Malawi President hails UN75 dialogue
As UN Deputy Secretary-General urges for more collaboration to achieve SDGs
President Lazarus Chakwera on Tuesday hailed the United Nations 75 (UN75) National Dialogue, saying it has been instrumental in hearing directly from Malawians on the future they want.
Speaking at the Bingu International Convention Centre (BICC) in Lilongwe, Chakwera said the dialogue--which saw experts and the youth tackling challenges and solutions around Climate and Planet; Justice and Human Rights; Gender Equality; Poverty and Inequality to a discourse on Global Cooperation for Development--had been a refreshing breather from the despair and pessimism that so easily entangle the country when one looks at the challenges faced.
He said the dialogue, which also involved UN Deputy Secretary-General, Amina Mohammed, was a timely reminder that through working together in curating solutions for the challenges, there is no reason the country should not make great strides by the time the UN turns 100 years old in 2045.
“In fact, I see this as an extension of the national dialogue already being facilitated by the National Planning Commission to formulate the Malawi National Transformation 2063, which is our collective vision of the country we want by the time Malawi turns 100.
“In a special way, the fact that the Deputy Secretary-General has been with us in this discussion gives us assurance that these views will form part of the whole UN family’s global conversation about the future we want to create together,” said Chakwera.
According to Chakwera, he was impressed with the optimism demonstrated by speakers the panel discussions held earlier in the day.
The Malawi leader said he was encouraged to see that Malawians want to pull together in the same direction around several challenges.
Speaking during a panel discussion, Mohammed said the dialogue further strengthens the long partnership between UN and Malawi.
She said despite clear progress, communities still struggle to access health services, job opportunities, and quality education for children.
She said Malawi must find solutions that will build resilience and protect its vulnerable communities.
"Everyone has a role to play individually and collectively. Vibrant young women and men can lead to the future that we want in the next 25 years. Together we can ensure that the world leaves no one behind," Mohammed said.
UN Resident Coordinator, Maria Jose Torres, said Malawi occupies a special place in the United Nations because of its unique contributions on promoting global cooperation and peace.
Torres said just as Malawi has stood with the UN, the UN has been privileged to stand with Malawi, adding that most recently; the UN has supported the country as it faces the Covid 19 pandemic.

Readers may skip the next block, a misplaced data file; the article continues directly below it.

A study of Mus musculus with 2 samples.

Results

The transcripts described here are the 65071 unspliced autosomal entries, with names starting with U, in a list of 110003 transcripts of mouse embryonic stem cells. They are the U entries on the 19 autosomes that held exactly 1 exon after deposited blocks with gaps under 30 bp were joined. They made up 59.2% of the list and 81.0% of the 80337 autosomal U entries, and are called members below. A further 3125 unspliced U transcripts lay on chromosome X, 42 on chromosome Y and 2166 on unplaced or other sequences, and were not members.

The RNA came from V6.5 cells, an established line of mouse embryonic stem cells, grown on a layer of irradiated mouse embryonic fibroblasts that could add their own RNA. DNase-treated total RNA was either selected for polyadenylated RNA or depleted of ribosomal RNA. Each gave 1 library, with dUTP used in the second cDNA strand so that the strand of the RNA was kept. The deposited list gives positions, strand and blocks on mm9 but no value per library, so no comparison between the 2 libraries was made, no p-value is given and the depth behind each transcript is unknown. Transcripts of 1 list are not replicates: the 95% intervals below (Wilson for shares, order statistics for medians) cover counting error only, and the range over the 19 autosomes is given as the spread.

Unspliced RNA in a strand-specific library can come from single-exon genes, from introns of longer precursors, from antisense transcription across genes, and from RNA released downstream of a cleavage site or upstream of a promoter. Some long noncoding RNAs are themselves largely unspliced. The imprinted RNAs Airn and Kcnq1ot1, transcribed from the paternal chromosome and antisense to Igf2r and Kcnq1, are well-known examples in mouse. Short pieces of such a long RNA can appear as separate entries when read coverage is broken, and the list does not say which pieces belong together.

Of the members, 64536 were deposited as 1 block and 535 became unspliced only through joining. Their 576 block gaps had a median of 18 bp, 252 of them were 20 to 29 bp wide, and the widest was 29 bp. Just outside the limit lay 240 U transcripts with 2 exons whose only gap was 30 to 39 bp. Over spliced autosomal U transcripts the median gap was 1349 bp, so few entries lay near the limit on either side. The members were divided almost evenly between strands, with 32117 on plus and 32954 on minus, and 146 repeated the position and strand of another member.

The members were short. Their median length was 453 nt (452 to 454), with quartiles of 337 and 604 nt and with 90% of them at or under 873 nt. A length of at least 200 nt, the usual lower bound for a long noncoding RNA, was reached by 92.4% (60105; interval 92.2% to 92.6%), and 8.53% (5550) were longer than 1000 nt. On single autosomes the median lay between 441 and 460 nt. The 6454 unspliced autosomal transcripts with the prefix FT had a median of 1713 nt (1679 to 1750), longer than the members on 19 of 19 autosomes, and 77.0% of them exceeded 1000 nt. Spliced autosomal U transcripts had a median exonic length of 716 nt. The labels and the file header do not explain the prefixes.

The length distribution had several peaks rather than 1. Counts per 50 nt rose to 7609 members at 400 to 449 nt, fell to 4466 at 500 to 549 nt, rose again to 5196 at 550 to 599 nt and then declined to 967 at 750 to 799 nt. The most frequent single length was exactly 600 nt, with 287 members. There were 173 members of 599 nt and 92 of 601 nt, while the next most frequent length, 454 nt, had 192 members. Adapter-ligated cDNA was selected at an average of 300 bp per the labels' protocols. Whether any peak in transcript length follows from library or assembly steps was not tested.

She observed that over 20 UN entities have also worked with national authorities to ensure the food security of millions of Malawians; provide essential medicines to health facilities, increase antiretroviral therapy coverage; promote human rights for all persons living in Malawi; and support the continued consolidation of democracy.
“The UN’s support in Malawi goes beyond the current public health crisis. The UN has also supported government’s efforts on climate change and expanding the use of smart agriculture techniques, as well as generating more green jobs and markets.
“For example, through the Spotlight Initiative, the UN is also boldly working with partners to tackle violence against women and girls from multiple directions, including cultural transformation,” Torres said.
Malawi’s Foreign Affairs Minister, Eisenhower Mkaka said Malawi is committed to be a proactive member of the UN family.
Mkaka said through dialogue and multilateralism the country can achieve the Malawi the citizens want.
Making a contribution during a panel discussion on Climate and Planet, Forestry and Natural Resources Minister, Nancy Tembo, said Malawians would like to see a Malawi that is environmental conscious in the next 25 years.
“We would like to see people using energy sources that do not pollute the environment,” Tembo said.
Contributing during a discussion on Gender, Gender Minister, Patricia Kaliati, said by 2045 authorities would like to see a Malawi where women could own big businesses such as hotels and high rise buildings.
And speaking during a discussion on Poverty and Inequality, Unicef Country Manager, Rodolf Schwenk, said an ideal world is the one where poverty is reduced and inequalities narrowed.
Shwenk said in recent years Malawi has made some progress in the area as the percentage of ultra-poor has reduced.
He was, however, quick to note that the coming of Covid 19 has reversed the trends.
Speaking on behalf of the country’s youths, Chisomo Manda, said young people want a Malawi that would achieve Sustainable Development Goal number 1 of eradicating economy.
Economic Planning Secretary, Winford Masanjala, said the recent Integrated Household Survey revealed that about 51.4 percent of Malawians are poor.
He said using the international poverty line of $1.90, about 76 percent of the population could be considered poor.
Masanjala said government will together with the National Planning Commission launch a new long-term development blueprint which will help turn Malawi into an upper middle-income economy.